Photo Credit: TRIBUNE PHOTO JONATHAN HOUSE - A cyclist passes by the new transit center under construction on the east side of the Tilikum Crossing in Southeast Portland where the Division-Powell line could connect. The first enhanced bus line in the region could be operating on Division Street and Powell Boulevard by 2020.

The steering committee for the Powell-Division Transit and Development Project narrowed down its mode and route options at its Monday meeting. The committee advanced buses over rail as the preferred transit mode.

The committee also chose a route that includes Division from Gresham to Portland and Powell within Portland.

The project is being overseen by Metro, the elected regional government.

In coming months, Metro staff will study enhancing TriMet's current bus lines with different styles of buses and improved stations. One option, called Frequent Service Plus, would maintain the lines in the existing streets. The other, called Bus Rapid Transit, would include dedicated bus lanes on some or all of the route.

Many questions about the Division and Powell routes still need to be answered, including each end, station locations, and whether the two streets would be connected on 50th, 52nd, 82nd, 92nd or some other avenue. Officials at Mt. Hood Community College in Gresham have pressed for the route to reach there. The new transit center being built behind OMSI for the Portland to Milwaukie Light Rail project is a logical connection in Portland.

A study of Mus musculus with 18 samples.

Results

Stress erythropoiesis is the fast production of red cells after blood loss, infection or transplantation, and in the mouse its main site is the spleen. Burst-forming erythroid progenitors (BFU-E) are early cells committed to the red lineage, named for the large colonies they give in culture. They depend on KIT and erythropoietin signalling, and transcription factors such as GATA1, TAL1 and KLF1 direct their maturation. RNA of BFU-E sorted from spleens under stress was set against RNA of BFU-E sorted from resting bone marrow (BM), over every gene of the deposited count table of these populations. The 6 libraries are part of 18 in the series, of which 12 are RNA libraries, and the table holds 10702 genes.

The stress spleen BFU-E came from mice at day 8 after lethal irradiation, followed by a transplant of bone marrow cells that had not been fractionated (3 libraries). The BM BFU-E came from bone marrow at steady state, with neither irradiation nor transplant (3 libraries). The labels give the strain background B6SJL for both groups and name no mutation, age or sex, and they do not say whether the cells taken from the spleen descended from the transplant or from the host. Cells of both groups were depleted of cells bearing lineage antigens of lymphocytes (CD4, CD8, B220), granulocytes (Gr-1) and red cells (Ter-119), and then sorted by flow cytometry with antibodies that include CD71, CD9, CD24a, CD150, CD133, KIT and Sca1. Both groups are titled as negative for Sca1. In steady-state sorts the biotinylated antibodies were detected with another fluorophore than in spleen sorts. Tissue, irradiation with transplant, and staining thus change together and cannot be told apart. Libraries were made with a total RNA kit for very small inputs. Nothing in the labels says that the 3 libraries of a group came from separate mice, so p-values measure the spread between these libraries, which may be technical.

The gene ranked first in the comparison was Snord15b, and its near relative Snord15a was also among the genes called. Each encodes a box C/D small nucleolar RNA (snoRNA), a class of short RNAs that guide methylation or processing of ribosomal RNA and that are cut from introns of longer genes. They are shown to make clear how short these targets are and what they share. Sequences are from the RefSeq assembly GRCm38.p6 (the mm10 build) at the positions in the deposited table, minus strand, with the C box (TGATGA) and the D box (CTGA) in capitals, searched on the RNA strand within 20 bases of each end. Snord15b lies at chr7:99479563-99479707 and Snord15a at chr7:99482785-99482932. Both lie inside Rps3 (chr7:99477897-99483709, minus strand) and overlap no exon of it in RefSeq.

Early estimates place the cost of a Frequent Service Plus route at under $250 million. Bus Rapid Transit would cost between $250 million and $750 million.

Following the Sept. 29 decisions, discussions are expected to place through January with various stakeholders, including city officials, large employers, major institutions and user groups, such as freight truck drivers, bike riders and those who commute by car. After that, the steering committee will reconvene to continue making decisions, probably in February.

Once the budget is known, TriMet is expected to apply to the Federal Transit Administration for a share of the project budget. Additional funds and in-kind contributions will be requested from the State of Oregon, Metro, Portland and Gresham.